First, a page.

As an ardent supporter and admirer of experimental theatre, I am willing to eschew narrative, suffer horrific imagery, and endure any number of assaults on the senses to serve a worthy theatrical objective. But ARTEL, a theatre collective of husband-and-wife team Bryan Brown and Olga Petrakova, along with Keirin Brown and Ilana Gustafson Turner, took the persecution of Russian playwright-novelist Mikhail Bulgakov (The Master and Margarita) and rendered it devoid of context and visceral power. The first problem: There is no credited director, and this group, winnowed down from a previous 12, has fashioned a piece that seems to have grown out of movement improvisations rather than a more coherent narrative approach. We neither get enough of the history of Bulgakov (Bryan Brown) and his three wives nor the specifics of his ostracization by Soviet apparatchiks and society.
As for the metaphorical staging, what can one say after an actor wearing a pig mask jumps on the back of Bulgakov and shoves papers in Bulgakov's mouth to the tune of what sounds like a Bob Dylan song? The symbology of taking books and ripping pages out of them or dipping one in red paint is not the most startling or innovative of choices. Add to this agonizing, slow-motion movement that at times tests the will of the audience, couple it with not a single audio cue for 50 minutes, and you begin to see that the good intentions of these theatrical pioneers are not sufficient, even for a performance that runs less than 90 minutes, no intermission.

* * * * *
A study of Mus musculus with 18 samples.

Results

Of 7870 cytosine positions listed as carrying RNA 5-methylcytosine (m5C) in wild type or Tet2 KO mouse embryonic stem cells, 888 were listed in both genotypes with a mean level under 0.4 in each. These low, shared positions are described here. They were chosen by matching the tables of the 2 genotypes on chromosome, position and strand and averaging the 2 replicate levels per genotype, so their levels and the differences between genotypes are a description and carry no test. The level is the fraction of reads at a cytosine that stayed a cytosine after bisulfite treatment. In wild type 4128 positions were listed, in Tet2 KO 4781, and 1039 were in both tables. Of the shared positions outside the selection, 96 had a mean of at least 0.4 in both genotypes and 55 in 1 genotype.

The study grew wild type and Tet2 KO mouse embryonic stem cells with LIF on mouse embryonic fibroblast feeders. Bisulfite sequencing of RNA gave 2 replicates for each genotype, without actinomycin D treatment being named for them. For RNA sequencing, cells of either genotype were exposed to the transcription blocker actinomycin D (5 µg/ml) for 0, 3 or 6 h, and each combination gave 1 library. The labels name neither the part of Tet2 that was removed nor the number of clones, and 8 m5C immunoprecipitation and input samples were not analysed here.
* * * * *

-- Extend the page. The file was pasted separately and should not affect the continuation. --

Characters write with chalk on the walls, but the audience is not in a position to read the writing. Single lines of dialogue are apparently expected to sum up major shifts in Bulgakov's life. Brown holds a book while reading passages of the Russian writer, in essence depriving us of important eye contact. It is not that the performers are untalented. But they need a guiding hand to help shape their work and deny them their physically driven indulgences.
Presented by ARTEL at the Art/Works Theatre,
6569 Santa Monica Blvd., L.A.
Fri.-Sat. 8 p.m. May 16-Jun. 14.
(800) 838-3006. www.arteltheatre.org.